If Spying on Senate is So Bad, Why is it OK For Them To Spy On Us?
The reaction of Sen. Dianne Feinstein (D-CA) to last week's revelations that the CIA secretly searched Senate Intelligence Committee computers reveals much about what the elites in government think about the rest of us. "Spy on thee, but not on me!"
The hypocrisy of Sen. Feinstein is astounding. She is the biggest backer of the NSA spying on the rest of us, but when the tables are turned and her staff is the target she becomes irate. But there is more to it than that. There is an attitude in Washington that the laws Congress passes do not apply to Members. They can trample our civil liberties, they believe, but it should never affect their own freedom.
Remember that much of this started when politicians rushed to past the PATRIOT Act after 9/11. Those of us who warned that such new powers granted to the state would be used against us someday were criticized as alarmist and worse. The violations happened just as we warned, but when political leaders discovered the breach of our civil liberties they did nothing about it. It was not until whistleblowers like Edward Snowden and others informed us of the abuses that the "debate" over surveillance that President Obama claimed to welcome could even begin to take place! Left to politicians like Dianne Feinstein, Mike Rogers, and President Obama, we would never have that debate because we would not know.
Washington does not care about our privacy. When serious violations are discovered they most often rush to protect the status quo instead of defending the Constitution. Senator Feinstein did just that as the NSA spying revelations began to create pressure on the Intelligence Community. Her NSA reform legislation was nothing but a smokescreen: under the guise of "reform" it would have codified in law the violations already taking place. When that fact became too obvious to deny, the Senate was forced to let the legislation die in the committee.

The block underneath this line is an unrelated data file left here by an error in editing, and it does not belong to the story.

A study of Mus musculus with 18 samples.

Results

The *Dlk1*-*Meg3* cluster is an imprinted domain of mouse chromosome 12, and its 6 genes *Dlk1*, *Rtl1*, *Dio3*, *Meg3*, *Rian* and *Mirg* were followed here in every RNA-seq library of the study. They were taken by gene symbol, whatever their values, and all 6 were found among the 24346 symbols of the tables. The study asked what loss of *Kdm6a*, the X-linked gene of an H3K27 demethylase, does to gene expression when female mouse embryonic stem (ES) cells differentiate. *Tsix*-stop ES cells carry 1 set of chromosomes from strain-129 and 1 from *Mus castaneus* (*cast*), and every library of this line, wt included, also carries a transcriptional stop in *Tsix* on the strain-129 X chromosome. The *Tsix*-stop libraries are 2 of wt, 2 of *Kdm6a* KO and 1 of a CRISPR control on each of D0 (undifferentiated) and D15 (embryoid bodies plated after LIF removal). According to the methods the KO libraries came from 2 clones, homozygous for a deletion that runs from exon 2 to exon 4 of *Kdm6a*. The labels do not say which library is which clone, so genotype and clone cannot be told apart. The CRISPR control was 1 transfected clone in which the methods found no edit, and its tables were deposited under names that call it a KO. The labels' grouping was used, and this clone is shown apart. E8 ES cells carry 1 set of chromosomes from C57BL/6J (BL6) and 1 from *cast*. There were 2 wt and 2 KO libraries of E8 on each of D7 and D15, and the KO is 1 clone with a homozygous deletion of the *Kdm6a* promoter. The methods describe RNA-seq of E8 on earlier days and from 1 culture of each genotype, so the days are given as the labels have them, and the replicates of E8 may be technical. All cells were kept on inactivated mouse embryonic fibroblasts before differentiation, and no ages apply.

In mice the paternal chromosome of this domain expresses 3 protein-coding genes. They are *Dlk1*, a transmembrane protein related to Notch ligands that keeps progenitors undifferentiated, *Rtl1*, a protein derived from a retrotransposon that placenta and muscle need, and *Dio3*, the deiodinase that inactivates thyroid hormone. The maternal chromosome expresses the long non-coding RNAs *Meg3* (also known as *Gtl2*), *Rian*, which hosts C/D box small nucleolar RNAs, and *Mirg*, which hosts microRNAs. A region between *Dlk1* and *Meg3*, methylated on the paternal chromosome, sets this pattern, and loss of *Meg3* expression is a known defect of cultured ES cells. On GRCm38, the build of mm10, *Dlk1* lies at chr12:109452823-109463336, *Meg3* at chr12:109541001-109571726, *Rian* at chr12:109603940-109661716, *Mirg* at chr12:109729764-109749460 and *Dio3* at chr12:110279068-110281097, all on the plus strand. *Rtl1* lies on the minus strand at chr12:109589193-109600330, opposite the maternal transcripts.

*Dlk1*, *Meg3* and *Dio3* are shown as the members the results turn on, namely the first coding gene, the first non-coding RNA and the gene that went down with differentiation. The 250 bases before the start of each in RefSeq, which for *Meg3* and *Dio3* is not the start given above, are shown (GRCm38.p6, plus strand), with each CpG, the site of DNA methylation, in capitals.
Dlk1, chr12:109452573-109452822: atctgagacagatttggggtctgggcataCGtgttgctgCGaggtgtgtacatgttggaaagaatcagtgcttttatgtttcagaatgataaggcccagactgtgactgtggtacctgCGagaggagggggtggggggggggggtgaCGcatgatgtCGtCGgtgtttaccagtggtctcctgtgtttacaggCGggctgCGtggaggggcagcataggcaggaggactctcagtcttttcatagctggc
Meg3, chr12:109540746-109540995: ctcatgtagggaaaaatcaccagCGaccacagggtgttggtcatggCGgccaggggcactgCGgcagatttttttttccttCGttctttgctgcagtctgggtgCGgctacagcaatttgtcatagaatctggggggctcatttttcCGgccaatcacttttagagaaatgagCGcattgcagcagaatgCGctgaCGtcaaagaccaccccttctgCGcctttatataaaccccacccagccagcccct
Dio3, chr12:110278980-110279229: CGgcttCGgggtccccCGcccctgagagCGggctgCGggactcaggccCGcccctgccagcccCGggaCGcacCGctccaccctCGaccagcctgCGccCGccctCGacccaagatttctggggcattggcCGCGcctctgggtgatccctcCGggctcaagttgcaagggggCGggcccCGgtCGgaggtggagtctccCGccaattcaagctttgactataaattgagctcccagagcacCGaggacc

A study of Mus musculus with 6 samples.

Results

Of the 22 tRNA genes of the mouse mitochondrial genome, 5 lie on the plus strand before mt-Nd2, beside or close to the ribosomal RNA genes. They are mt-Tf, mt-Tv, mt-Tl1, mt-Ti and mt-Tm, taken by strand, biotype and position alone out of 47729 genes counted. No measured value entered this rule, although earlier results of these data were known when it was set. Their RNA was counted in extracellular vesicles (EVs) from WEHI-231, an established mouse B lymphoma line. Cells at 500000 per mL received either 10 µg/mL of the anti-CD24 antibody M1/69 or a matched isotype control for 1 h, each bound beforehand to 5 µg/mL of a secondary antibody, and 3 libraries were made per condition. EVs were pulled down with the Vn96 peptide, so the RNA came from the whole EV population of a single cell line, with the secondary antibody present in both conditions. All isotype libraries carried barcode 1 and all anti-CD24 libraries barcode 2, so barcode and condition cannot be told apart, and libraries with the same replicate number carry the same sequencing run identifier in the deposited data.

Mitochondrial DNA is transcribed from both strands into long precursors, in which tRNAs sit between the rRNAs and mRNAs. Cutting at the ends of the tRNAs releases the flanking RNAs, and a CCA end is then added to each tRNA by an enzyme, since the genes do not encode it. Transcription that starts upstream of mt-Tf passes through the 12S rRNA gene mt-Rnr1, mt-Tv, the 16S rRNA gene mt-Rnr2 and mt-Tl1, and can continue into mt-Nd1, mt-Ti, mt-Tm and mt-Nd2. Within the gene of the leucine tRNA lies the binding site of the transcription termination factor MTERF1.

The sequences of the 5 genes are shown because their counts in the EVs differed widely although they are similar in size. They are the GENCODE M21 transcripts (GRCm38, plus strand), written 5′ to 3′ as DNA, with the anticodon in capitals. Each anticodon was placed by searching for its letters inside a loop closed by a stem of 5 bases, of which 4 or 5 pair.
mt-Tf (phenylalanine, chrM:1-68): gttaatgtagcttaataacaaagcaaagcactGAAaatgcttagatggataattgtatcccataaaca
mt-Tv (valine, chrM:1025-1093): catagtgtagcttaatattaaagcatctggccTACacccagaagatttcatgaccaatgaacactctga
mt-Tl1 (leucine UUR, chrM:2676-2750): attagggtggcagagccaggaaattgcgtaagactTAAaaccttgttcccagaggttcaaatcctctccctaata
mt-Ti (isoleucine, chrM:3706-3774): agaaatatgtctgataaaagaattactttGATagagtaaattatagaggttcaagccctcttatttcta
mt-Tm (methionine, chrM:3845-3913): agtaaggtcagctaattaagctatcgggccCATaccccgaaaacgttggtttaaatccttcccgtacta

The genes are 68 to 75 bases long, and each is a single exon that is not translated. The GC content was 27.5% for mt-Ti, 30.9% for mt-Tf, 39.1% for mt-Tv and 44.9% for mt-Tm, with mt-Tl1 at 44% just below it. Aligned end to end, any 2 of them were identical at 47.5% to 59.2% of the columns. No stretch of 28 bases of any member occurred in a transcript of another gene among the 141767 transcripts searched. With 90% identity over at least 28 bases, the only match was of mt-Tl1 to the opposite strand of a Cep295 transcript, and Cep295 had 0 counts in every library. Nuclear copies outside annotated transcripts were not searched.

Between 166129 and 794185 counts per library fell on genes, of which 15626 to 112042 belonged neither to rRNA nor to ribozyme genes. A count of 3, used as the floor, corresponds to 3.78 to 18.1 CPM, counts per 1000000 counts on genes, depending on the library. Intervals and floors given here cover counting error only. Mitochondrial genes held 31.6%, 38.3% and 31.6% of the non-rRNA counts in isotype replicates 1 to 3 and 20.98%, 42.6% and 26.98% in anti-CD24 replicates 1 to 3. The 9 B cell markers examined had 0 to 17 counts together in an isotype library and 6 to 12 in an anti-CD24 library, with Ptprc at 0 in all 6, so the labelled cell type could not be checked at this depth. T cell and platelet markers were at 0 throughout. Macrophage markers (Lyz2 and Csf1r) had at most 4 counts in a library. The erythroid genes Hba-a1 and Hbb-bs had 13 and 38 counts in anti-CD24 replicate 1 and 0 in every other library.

What is interesting, and buried in the accusations and denials, is that the alleged CIA monitoring was over an expected 6,000 page Senate Intelligence Committee report on the shameful and un-American recent CIA history of torture at the "gulag archipelago" of secret prisons it set up across the world after the attacks of 9/11. We can understand why the CIA might have been afraid of that information getting out.
When CIA whistleblower John Kiriakou exposed the CIA's role in torturing prisoners he was sent to prison for nearly three years. But Senator Feinstein and her colleagues didn't lift a finger to support him. So again you have the double standards and hypocrisy.
The essence of this problem has to do with the difficulty in managing the US empire. When the government behaves as an empire rather than as a republic, lying to the rest of us is permissible. They spy on everybody because they don't trust anybody. The answer is obvious: rein in the CIA; remove its authority to conduct these kinds of covert actions. Rein in government. Lawmakers should not defend Fourth Amendment rights only when their staffs have been violated. They should do it all the time for all of us. The people's branch of government must stand up for the people. Let's hope that Sen. Feinstein has had her wake-up call and will now finally start defending the rest of us against a government that increasingly sees us as the enemy.